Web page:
The Raffleman 8.2

Whatever happened to zero tolerance? Parents in most parts of the country seem pretty eager to see guns banished from schools. But in Bastrop, Louisiana parents have decided to raise money by getting their kids to sell tickets to a shotgun raffle. Sure, it has been only a few weeks since two middle school students in nearby New Orleans shot and wounded each other on school grounds. But the Parent Teacher Organization of Beekman School is going ahead with plans to raffle off a new shotgun to one lucky winner, despite opposition from some parents. This isn't the first gun raffle to be held at the Beekman school. And if some parents have their way, it won't be the last. "The men go nuts for this stuff," one raffle-supporting parent told The Associated Press. "If we could have bought a bass boat and raffled that off, we would, but we could not afford that."

Packing Heat 6.7

If we outlaw guns, as that famous bumper sticker slogan goes, only outlaws will have them. But we don't have to go that far. In fact, a new bill signed into law by Texas Gov. George W. Bush has made it possible for hundreds of convicted criminals to get licenses to carry concealed weapons. Bush and other supporters of the new law, which ends Texas' longtime ban on concealed weapons, would require potential license holders to undergo a rigorous background check. But a recent investigation by the Los Angeles Times revealed that hundreds of violent criminals had somehow slipped through the cracks. Still, one Bush policy adviser told the Times that he considered the law a "smashing success." "There will always be nightmare cases," said Johnny Sutton, Bush's criminal justice advisor. "Somebody will always get through that we wish wouldn't, but not that many slip by."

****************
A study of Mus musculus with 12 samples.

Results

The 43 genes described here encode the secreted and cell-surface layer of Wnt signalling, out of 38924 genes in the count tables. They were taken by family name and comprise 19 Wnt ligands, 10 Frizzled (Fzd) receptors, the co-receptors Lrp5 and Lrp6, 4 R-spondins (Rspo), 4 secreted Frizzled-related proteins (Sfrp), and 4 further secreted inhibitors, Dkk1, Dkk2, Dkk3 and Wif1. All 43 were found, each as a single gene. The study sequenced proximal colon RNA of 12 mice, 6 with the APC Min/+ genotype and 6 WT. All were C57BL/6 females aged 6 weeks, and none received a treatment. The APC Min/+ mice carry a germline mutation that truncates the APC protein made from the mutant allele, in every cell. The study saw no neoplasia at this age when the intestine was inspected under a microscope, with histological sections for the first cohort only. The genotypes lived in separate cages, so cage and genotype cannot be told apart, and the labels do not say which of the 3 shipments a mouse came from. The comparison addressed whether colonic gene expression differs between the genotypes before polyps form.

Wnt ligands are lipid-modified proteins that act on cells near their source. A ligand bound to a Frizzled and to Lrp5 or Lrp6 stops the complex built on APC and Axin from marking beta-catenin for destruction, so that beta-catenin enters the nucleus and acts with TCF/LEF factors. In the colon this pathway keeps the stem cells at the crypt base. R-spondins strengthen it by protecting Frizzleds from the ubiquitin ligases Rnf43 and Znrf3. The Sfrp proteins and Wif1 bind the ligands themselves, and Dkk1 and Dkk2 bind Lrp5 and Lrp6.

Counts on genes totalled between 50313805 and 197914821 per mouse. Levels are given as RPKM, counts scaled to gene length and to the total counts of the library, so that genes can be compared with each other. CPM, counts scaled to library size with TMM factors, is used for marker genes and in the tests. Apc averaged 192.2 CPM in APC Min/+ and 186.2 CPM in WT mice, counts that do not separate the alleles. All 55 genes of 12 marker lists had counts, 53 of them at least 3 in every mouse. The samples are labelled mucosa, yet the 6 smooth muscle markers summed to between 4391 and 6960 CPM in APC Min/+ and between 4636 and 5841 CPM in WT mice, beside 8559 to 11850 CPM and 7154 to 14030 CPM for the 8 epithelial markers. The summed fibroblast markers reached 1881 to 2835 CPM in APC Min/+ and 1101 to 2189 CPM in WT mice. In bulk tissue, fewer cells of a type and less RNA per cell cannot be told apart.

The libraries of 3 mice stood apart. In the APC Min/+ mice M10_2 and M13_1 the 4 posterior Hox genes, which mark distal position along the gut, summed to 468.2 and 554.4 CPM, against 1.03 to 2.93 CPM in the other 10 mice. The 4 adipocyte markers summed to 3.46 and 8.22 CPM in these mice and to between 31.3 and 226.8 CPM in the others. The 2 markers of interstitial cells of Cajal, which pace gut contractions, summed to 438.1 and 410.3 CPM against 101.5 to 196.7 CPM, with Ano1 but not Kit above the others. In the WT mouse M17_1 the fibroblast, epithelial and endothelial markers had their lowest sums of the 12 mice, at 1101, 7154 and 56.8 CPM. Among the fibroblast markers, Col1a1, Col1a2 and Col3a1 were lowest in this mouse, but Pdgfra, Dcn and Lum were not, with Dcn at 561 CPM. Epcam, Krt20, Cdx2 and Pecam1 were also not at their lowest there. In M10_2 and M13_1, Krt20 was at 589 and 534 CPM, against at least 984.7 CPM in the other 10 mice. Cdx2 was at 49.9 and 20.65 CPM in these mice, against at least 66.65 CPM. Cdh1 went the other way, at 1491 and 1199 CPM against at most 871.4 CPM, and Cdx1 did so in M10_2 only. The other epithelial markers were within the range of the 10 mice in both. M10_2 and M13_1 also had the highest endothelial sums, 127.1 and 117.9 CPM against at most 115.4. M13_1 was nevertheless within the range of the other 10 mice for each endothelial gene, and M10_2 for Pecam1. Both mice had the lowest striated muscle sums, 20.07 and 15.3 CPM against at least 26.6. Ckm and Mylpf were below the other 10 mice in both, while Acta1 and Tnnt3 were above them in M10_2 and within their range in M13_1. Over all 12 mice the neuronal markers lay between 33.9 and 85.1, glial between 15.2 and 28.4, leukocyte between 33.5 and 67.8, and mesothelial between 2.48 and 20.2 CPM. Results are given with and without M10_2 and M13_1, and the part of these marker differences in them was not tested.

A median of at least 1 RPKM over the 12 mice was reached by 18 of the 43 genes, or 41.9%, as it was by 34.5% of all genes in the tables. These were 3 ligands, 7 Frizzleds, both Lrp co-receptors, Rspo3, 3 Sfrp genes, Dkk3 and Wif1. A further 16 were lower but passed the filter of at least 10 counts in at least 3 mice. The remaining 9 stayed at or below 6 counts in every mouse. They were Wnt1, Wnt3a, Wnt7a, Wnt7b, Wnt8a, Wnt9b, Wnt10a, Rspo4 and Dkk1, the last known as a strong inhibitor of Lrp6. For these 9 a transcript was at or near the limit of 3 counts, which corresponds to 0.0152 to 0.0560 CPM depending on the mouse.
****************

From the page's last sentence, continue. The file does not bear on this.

Holiday Shears 4.6

It's fair to say that most Frenchmen traveling to England don't do it for the food. But
now, The Associated Press reports, they can do it for the vasectomies. A British family planning charity called Marie Stopes International is starting what it calls a "vasectomy tourism service" in an attempt to call attention to an archaic French law prohibiting vasectomies as a form of "self-mutilation." Though the law, which dates back to Napoleonic times, is no longer enforced, it remains on the books. "In the spirit of European togetherness, [we are] offering vasectomy to our French neighbors," a spokeswoman for the charity told the press. "We also hope to raise awareness about the archaic penal codes which limit reproductive choice in France." So far, though, the charity has had only one taker--and both Le Monde and Le Figaro have refused to run ads promoting the service.